There isn’t a single person on the planet that couldn’t stand to get better at what they do. Whether they are a writer in Billings, Montana, or a professional athlete in New York City; we can all use feedback in various areas of our lives. There is a right and a wrong way to giving feedback. The right way can encourage and promote growth; the wrong way is toxic and leads to further negative performance. Take a few minutes to learn some of the tips on the right way to give feedback so that those you are helping are actually helped.
Define Your Intentions as to Why You’re Giving Feedback
If I went to a live performance, and I didn’t like it, I could fill out a comment card that said, “This play sucks.” The cast may read it and scratch their heads. They would then take two courses of action: ignore the feedback and keep doing what they are doing, or become irritated and quit the industry. More than likely an anonymous letter such as that would be ignored.
Before giving feedback to anyone, make it clear as to why you are giving that feedback. Have you been in their shoes and you understand how to make thing better? Do you think they could reach a broader audience? Is your happiness dependent on their success? Make sure the recipient knows that you are not attacking them and their actions, but rather encouraging them to grow in their skill.
I like How You…
People want to know that what they are doing is well received. If you sit down with someone and explain all the places where they failed, they will never grow. Instead, set the stage by telling the aspects about their work, performance, or actions that you like. For instance, giving feedback on a live performance would be much better received if you talked about how you liked the incorporation of Shakespearean dialogue into a modern play, but you feel it would be better received if they updated the language slightly so more people could understand what was being said. The deeper you can get with the “I like” statement, the more weight your suggestions will have. Thus, “I liked your costume, but the rest of the play was boring” won’t go over quite as well.
Specifics are Key to Giving Feedback
As with the intentions example, that type of feedback only fosters insecurity. You have to be specific. This goes both for positive feedback, and negative. If I write an amazing piece that gets published in Forbes and the only feedback I ever receive is “Good job!” I will never be able to grow. Likewise, if I write that piece and I only hear, “This is terrible!” I will never be able to grow. When you are giving feedback include specifics so the recipient knows what should change and what worked well.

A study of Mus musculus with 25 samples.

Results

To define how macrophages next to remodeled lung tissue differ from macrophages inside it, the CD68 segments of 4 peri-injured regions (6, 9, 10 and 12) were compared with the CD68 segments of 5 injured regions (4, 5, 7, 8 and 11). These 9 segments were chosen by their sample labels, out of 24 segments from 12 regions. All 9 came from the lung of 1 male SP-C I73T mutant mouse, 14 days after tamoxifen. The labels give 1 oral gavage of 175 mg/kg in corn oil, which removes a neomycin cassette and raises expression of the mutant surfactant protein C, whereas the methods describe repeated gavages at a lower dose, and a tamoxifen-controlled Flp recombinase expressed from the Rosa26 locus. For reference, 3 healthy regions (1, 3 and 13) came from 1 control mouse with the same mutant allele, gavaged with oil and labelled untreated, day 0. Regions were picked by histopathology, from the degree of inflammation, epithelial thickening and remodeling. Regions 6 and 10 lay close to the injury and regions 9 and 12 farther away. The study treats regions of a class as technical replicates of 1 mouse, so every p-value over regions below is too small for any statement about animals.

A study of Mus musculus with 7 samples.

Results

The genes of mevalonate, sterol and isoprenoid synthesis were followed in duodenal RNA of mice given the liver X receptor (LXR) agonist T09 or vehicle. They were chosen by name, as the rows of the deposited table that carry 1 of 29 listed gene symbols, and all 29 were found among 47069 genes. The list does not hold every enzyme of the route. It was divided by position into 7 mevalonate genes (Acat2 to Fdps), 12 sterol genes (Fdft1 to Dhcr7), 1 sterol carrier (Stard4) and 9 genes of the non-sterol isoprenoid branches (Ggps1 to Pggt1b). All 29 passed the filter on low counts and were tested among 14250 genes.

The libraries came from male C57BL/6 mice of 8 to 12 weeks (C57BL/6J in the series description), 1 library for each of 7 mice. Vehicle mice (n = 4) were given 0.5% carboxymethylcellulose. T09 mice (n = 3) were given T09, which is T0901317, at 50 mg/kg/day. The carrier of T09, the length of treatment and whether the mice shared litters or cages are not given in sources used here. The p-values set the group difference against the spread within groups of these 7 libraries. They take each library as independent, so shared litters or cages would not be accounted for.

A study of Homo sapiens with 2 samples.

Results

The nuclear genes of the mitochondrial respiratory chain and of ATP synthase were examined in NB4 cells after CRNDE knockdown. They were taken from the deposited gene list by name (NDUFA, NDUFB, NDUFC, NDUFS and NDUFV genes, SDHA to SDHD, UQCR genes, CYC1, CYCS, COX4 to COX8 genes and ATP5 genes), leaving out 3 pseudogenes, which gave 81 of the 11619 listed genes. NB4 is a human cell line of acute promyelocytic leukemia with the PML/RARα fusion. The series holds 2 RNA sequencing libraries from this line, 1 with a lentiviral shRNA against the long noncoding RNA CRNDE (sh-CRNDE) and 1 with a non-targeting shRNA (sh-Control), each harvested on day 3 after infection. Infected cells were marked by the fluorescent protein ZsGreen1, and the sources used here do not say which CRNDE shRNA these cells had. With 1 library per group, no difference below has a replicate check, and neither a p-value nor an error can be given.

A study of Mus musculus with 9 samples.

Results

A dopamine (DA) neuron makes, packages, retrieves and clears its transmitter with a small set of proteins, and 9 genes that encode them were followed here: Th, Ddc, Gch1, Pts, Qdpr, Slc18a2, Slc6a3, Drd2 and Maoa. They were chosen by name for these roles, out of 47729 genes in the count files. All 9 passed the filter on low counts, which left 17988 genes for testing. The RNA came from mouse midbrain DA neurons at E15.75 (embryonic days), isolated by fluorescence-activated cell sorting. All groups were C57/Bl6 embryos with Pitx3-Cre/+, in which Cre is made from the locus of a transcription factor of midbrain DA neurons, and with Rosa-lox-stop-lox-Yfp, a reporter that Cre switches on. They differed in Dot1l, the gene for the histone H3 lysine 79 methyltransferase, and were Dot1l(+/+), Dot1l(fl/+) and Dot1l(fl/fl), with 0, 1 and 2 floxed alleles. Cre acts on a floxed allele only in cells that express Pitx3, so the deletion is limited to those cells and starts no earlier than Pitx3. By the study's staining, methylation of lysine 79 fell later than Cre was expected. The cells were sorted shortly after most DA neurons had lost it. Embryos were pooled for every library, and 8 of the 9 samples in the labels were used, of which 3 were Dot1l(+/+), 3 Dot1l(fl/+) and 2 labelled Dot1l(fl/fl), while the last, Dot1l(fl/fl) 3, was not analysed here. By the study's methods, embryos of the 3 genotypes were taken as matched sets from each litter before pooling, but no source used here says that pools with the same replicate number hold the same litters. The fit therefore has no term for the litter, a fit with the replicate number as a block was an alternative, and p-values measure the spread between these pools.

Make it About the Work, not the Person
If the recipient feels attacked, your feedback is meaningless. They will become defensive and shut down and rationalize what they are doing. Instead, focus on the work at hand rather than the one doing the work. For instance, if someone writes a report that is loaded with grammatical errors, it would be easy to say, “You’re a terrible writer.” Attacking them without specifics makes them resent you and they will keep doing what they are doing. If you tell them, “The grammar in your report is atrocious” they will still resent you, but at least they will know what to change. But if you approach them with, “I liked the content, you included all the important aspects, but can you edit it a little more closely? There were some grammatical errors that interrupted the flow making it hard to read.” This type of feedback is specific, it points to the flow of the work rather than the skill of the writer, and it gives direction on exactly what they need to do to improve.
Giving Feedback that Helps
Giving feedback basically boils down to your interpersonal skills. If you just take the time to think, “How would I like someone to approach me on this?” and then think, “What is the recipient’s personality type?” you can effectively give helpful feedback. Of course, those receiving the feedback need to understand it’s not a personal attack (even if it is), and their reaction can make all the difference.
As a writer in Billings, Montana, I love to get feedback on my work. Do you have any tips on giving feedback? How do you do it so the individual feels encouraged rather than discouraged?